Photo by Gaz De Vere
At Islington & St. Pancras Cemetery on 30 July 2021 we were pleased to have representatives from the American Civil War Round Table (UK) present at the rededication of the grave of civil war veteran George Denham. Michael Hammerson gave an address about the history of Civil War Veterans in Britain, and also present were former Round Table President Greg Bayne, and Darren Rawlings who was part of the Guard of Honour put on by reenactors from the Southern Skirmish Association, dressed for the occasion as George’s old regiment, the 111th Pennsylvania. Also participating in the ceremony were the Sons of Union Veterans of the Civil War, Ensign John Davis Chapter, of which Michael Hammerson is an Associate Member and the Graves Registration Officer.
Photo by Greg Bayne
There were many British participants in the Civil War, but George Denham was one of a number of men who served in both the US Navy and the US Army. His story was bought to our attention by a descendent, Gina Costin, whose mother was once told by her father that his grandfather fought in the American Civil War and received a pension from the US Government until the day he died. For over fifteen years Gina has been tracking down her lineage and the precise site of George’s grave plot, where his wife and three other family members are also buried, allowing this year’s ceremony to take place.
Born in Grantham, Lincolnshire around 1835, George was a more adventurous soul than many of his contemporaries. George’s father moved to London in the early 1840’s for work and George looked even further abroad for opportunities. By 1856 he was in America, where he enlisted in the US Navy, serving on the frigate USS St Lawrence in South America. In 1859 he reenlisted for a further three years, and was assigned to the new steam frigate USS Roanoke, stationed in the West Indies.
On Wednesday 26 August 1863, giving his status as "sailor" and his name as William Wright Denham (the Wright part being his mother’s maiden name), he enlisted as a substitute at Norristown PA, in Co F, 111th Pennsylvania Volunteers. Just a month later on 27 September 1863 his regiment was amongst the troops sent from Virginia to the western theatre as reinforcements following the Union defeat at Chickamauga. The 111th joined the Army of Tennessee and George carried out picket duties around Wauhatchie near Chattanooga. Here he got his first real taste of war on 28 October when Union forces under Brigadier General John W Geary, including the 111th Pennsylvania, beat off an attack by a South Carolina brigade under Colonel John Bratton. The regiment subsequently went on to fight at the battles of Lookout Mountain and Chattanooga later that year.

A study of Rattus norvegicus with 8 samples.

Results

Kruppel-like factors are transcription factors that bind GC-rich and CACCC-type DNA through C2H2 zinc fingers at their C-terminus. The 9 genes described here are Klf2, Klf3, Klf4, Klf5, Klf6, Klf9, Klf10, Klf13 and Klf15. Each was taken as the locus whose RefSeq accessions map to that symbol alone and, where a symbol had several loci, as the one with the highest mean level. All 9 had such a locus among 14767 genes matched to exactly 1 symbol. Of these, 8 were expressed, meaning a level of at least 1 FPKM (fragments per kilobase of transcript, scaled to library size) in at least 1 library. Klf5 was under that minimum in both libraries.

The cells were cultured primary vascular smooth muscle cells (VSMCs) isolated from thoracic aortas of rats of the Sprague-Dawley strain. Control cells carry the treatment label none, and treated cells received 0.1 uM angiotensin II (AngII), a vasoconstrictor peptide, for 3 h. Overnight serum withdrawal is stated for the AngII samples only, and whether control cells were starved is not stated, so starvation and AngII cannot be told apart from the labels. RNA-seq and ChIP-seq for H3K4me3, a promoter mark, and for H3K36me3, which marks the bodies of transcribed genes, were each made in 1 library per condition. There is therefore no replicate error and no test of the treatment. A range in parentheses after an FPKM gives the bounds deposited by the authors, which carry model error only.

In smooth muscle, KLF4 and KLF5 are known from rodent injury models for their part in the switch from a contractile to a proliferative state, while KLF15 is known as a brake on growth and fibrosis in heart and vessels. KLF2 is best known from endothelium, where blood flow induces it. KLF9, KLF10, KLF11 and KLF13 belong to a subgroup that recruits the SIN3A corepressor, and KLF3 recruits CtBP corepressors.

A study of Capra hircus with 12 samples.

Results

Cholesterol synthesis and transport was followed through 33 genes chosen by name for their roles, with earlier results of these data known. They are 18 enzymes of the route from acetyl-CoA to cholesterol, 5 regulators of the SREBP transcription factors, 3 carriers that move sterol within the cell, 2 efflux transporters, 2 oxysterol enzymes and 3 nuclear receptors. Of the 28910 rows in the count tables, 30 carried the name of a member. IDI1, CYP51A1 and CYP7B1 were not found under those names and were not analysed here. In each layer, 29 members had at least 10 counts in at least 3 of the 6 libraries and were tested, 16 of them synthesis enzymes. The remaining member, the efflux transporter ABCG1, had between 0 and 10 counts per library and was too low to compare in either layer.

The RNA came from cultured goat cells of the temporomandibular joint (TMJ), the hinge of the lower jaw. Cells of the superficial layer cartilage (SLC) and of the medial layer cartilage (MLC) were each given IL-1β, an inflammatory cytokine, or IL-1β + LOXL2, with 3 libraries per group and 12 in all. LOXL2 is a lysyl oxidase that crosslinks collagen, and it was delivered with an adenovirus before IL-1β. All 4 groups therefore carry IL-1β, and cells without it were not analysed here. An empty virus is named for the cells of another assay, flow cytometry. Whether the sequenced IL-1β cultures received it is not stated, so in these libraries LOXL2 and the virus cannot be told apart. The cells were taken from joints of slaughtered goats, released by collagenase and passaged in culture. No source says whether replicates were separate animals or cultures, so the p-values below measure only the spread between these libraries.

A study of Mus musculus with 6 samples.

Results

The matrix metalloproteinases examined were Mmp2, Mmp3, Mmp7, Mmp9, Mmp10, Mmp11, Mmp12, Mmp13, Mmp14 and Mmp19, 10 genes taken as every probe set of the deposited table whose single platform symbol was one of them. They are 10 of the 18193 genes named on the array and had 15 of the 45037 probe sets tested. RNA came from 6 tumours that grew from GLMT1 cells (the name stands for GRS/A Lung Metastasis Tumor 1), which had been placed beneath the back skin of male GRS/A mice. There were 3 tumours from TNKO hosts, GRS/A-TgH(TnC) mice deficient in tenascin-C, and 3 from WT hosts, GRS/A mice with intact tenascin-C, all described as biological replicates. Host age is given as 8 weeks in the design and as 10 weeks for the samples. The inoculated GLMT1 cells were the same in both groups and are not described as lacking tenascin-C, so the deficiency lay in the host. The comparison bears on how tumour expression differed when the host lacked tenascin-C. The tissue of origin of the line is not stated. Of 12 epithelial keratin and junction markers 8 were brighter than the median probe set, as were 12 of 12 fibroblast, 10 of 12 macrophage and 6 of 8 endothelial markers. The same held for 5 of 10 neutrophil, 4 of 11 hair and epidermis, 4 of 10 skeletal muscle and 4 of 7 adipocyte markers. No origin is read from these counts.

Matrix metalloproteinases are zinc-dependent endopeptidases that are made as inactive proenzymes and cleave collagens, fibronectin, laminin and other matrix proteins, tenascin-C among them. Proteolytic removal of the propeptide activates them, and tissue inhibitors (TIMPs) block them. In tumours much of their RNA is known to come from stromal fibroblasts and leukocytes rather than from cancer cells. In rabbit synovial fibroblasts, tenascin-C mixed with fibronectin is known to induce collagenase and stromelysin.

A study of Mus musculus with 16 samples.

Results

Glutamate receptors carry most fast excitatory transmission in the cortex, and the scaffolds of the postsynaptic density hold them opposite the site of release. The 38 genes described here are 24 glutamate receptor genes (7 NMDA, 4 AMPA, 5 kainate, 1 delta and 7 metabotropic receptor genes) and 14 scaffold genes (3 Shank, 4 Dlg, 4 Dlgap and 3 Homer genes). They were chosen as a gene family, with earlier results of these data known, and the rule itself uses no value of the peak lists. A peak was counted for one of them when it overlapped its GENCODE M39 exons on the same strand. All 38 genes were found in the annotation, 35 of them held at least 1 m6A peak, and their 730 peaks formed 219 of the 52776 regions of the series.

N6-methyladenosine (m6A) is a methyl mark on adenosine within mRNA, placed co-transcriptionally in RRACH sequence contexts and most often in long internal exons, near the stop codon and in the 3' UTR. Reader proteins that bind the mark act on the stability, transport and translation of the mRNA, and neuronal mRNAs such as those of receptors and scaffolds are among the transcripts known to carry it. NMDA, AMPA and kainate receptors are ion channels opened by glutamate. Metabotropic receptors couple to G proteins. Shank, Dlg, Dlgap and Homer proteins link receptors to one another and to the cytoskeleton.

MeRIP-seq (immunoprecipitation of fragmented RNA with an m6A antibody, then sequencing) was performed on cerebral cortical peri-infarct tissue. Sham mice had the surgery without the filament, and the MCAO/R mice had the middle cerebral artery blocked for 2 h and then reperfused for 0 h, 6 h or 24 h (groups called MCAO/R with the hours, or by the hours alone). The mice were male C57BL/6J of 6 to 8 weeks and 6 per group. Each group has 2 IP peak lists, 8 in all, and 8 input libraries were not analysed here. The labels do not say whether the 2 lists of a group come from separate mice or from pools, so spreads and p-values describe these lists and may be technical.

When the Army of Tennessee and the 111th Pennsylvania began their march on Atlanta the following year George did not go with them however. In May 1864 he had gone back to the US Navy, as President Lincoln had authorised such a transfer to those with previous service. He served on the monitor USS Choctaw on the Mississippi. In May 1865 he went ashore at Mobile, AL, to deal with the aftermath of a Confederate gunpowder explosion, since he had experience as a stoker/firefighter. In the months thereafter he suffered from what appear likely to be the symptoms of PTSD and was discharged from Navy. He returned to Pennsylvania, staying with the family for whose son he had enlisted as a substitute. There the family doctor suggested he should return back to England.
By 1870 George was back in London where he worked on the railways, probably around King’s Cross. In 1898 he applied for a US Army pension, but forgot that he had enlisted in the 111th PA under an alias. So it was only in 1912 that he finally obtained approval for his pension, only two years before his death. His wife Jane though applied for a widows pension, and received it until her passing in 1921.
Our thanks to Gina for bringing this remarkable story to light, and for allowing us to participate in honouring George’s memory.
Both the American Civil War Round Table UK and the Sons of Union Veterans of the Civil War would love to hear from other descendants of British participants in the war, or to give advice on tracing ancestors who fought.